This article was originally published in the May/June 1996 issue of Home Energy Magazine. Some formatting inconsistencies may be evident in older archive content.




A Plan to Stop Fluffing and Cheating in Attic Insulation

This auditor uses the cookie cutting technique to take a sample of installed insulation which will be measured for volume and weight to verify its R-value.

In the mid-1980s, a Georgia utility became concerned about the large number of attic insulation jobs being done for its energy-efficient home construction program that failed to meet the program's standards. So the utility, Georgia Power, launched an inspection program, checking every newly insulated attic and fixing all jobs that failed. However, a year after that inspection program ended, auditors found that 28%-30% of new attics still weren't being insulated up to standard. At that point, Georgia Power got serious. The result was A Plan to Stop Fluffing and Cheating of Loose-Fill Insulation in Attics, now being promoted by the Insulation Contractors Association of America (ICAA), a trade association representing residential and light commercial building insulation contractors and manufacturers. In light of evidence of continued cheating in all parts of the country, ICAA is urging utilities and building departments to adopt the plan into their inspection procedures.

The plan targets two types of cheating with loose-fill insulation: fluffing or overblowing so that insulation appears thick enough but is at too low a density (see Figure 1), and underblowing, or installing less than the thickness recommended by the manufacturer to achieve a designated R-value. Although underblowing is relatively easy to see, a building inspector may have difficulty detecting fluffing.

Figure 1. Apparent thermal conductivity vs. density of various thermal insulations used as building insulations. (Reprinted by permission of the American Society of Heating, Refrigerating and Air-Conditioning Engineers, Atlanta, Georgia, from the 1993 ASHRAE Handbook-Fundamentals.)

The ICAA plan offers two primary approaches to prevent fluffing and underblowing. The first and simplest approach, inches = R-value, recommends the use of insulation that is guaranteed by thickness. Some cellulose, rock wool, and fiberglass products carry a guarantee that a designated thickness equals a designated R-value. These insulations cannot be overblown, or in some cases cannot be overblown without increasing the installer's time and labor to the point where the cheating isn't worth the cost, according to Michael Kwart, executive director of the ICAA.

The second method of ensuring that adequate insulation is installed involves random inspections by an independent third party. This third party is selected by the agency that wishes to police the installations-for example, a building inspection department or a utility. The insulation contractor pays for the inspections. Any deficiencies discovered by the auditor are remedied and paid for by the contractor, and contractors may be subject to more frequent inspections if their work fails.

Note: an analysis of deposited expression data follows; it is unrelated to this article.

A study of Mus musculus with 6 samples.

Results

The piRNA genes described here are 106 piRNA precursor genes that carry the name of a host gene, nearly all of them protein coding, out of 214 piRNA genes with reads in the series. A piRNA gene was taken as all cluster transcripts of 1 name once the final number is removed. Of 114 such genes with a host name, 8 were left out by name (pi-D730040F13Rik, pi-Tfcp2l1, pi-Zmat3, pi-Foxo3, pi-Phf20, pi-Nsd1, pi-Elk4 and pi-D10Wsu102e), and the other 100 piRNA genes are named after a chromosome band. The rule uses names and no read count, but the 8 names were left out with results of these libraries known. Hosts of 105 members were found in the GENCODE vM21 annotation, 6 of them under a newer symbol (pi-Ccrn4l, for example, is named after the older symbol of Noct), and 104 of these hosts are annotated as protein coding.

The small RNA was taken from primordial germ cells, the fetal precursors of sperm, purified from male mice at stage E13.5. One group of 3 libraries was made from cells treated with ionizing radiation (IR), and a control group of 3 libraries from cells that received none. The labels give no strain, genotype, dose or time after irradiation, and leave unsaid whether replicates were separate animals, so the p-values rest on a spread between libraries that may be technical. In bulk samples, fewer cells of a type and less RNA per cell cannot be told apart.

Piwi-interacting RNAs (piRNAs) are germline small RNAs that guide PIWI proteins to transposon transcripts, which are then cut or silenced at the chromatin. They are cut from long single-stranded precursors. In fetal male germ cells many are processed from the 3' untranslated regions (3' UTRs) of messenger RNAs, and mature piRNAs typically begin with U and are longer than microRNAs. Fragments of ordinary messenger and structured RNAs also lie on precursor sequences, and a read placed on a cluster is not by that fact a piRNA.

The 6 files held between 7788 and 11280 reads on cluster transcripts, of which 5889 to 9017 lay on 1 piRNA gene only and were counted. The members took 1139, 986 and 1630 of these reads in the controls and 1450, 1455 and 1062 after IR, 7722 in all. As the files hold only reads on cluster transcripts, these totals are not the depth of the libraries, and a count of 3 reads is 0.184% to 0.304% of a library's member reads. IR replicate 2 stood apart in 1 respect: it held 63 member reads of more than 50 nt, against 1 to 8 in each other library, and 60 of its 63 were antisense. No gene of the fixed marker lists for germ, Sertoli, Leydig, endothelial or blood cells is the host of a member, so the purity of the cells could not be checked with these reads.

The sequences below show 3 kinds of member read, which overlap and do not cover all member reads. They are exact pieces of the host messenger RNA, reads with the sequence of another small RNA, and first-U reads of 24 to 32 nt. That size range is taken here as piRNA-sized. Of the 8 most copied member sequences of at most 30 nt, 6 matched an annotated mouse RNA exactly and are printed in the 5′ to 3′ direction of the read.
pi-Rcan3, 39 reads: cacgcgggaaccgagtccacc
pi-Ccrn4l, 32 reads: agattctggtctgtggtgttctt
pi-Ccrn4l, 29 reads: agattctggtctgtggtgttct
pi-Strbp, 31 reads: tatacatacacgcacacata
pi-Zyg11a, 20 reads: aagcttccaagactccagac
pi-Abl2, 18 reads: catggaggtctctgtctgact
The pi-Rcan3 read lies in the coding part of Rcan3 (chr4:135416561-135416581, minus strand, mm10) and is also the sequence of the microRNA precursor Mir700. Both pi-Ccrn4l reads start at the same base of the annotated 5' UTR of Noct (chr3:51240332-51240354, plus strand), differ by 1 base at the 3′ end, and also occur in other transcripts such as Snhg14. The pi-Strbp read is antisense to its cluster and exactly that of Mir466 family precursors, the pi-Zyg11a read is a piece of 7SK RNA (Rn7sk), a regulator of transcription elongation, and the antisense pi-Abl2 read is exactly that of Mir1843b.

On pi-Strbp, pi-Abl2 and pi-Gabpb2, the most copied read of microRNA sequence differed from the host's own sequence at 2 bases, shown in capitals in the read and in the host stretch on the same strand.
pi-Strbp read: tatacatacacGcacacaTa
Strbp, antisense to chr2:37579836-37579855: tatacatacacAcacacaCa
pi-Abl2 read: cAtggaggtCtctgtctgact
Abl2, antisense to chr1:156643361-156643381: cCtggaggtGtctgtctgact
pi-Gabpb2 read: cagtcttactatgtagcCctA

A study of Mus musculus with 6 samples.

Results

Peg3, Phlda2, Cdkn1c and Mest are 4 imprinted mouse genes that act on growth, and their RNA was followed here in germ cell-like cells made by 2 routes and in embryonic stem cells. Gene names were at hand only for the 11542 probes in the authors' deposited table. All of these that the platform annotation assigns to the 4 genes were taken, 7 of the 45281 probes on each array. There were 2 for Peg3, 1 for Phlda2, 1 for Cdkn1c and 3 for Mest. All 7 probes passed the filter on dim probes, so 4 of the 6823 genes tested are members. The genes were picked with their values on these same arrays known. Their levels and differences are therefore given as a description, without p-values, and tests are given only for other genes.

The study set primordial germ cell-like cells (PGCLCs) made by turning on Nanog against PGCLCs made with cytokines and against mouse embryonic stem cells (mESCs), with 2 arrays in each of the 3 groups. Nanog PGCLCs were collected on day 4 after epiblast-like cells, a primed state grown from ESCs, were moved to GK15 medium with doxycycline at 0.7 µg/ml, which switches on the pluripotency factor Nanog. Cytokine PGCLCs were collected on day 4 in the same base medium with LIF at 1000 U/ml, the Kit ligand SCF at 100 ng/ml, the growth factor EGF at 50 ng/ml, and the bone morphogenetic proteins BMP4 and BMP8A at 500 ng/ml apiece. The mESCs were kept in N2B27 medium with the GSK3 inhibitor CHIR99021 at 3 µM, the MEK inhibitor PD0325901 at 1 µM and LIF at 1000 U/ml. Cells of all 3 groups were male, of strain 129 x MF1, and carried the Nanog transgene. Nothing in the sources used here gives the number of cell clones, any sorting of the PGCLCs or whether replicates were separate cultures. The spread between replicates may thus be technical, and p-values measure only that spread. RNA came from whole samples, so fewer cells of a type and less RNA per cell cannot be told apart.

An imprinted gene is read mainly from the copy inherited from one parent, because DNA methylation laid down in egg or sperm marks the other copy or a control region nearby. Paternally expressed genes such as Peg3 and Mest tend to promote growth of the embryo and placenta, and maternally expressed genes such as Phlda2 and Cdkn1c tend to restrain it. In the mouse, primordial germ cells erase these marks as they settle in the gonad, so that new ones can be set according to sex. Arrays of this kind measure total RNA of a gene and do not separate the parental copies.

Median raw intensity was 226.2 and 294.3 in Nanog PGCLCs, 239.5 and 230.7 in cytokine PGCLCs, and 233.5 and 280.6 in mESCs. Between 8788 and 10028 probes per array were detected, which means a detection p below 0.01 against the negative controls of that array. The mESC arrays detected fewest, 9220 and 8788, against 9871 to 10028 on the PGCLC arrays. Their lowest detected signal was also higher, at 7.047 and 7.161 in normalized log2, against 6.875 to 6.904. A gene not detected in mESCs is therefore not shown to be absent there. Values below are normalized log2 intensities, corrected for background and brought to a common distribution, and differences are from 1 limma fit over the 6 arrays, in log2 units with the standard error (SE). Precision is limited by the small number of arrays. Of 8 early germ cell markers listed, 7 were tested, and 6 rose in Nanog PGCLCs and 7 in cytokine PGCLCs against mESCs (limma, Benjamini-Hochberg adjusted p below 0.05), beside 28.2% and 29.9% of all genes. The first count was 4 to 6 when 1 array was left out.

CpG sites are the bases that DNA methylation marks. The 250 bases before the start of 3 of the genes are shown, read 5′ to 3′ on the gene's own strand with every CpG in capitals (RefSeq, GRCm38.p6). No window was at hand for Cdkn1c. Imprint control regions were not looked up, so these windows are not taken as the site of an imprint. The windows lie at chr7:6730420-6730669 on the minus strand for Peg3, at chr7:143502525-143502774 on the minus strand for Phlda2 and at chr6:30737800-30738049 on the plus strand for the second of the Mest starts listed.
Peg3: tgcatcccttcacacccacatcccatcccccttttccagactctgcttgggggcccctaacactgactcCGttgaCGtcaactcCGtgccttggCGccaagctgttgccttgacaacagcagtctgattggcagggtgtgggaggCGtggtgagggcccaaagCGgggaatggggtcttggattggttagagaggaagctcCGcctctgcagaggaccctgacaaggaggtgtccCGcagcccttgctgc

Using a technique known as cookie cutting or core sampling, an auditor can verify the weight and thickness of installed insulation in new construction or retrofits. Cookie cutting uses a metal cylinder, typically about 3 ft tall and 12 inches in diameter, to cut into the insulation just as a baker cuts into a piece of dough. The insulation sample is measured for volume and weight, and the data are entered into a series of equations or a software program that correlates thermal conductivity with material density for fiberglass, rock wool, or cellulose.

A software program called Retrotech does the calculations for retrofit applications, where new insulation is installed on top of existing insulation of the same or a different type. Retrotech was developed by R&D Services Incorporated (a consulting firm in Tennessee) and is available from the ICAA. For new construction, Oak Ridge National Laboratory (ORNL) developed the protocol used by Georgia Power for attic insulation calculations. Although a formal software program using this protocol is not available, R&D Services can create simple software customized to the types of insulation found in different areas of the country.

The ICAA plan offers two levels of inspection. If manufacturers guarantee a particular contractor's work, only 10% of that contractor's jobs are randomly selected by the auditor for inspection. If a contractor does not have a guaranteed relationship with a manufacturer, 100% of that contractor's jobs are inspected. Because the plan relies on independent audits paid for by the contractor, it does not increase costs for local building inspection agencies.

Kwart estimates that the third-party inspection process could add 2%-3% to the price of an insulation job. In Georgia Power's jurisdiction, inspection costs are estimated at about $50 per attic. This price is worth it, Kwart says, in comparison to the energy costs associated with having less insulation than those purchasing it bargained for.

The problem is widespread. One study, conducted by the state attorney general's offices in Florida and Georgia, found that up to 90% of new homes in some areas fail to meet energy codes for attic insulation.

The ICAA hopes that the plan to stop fluffing and cheating will be considered by contractors, state and local building authorities, utilities, and the Federal Trade Commission.

Copies of A Plan to Stop Fluffing and Cheating of Loose-Fill Insulation in Attics are available from the ICAA, 1321 Duke St., Suite 303, Alexandria VA 22314. Tel:(703)739-0356; Fax:(703)739-0412. The Retrotech software is also available for under $100 from the ICAA. R&D Services can be reached at (423)988-6996. For information about Georgia Power's insulation inspection program, contact Jerry Neese. Tel:(404)526-3979.

-Nan Wishner
Nan Wishner is a freelance writer in Albany, California.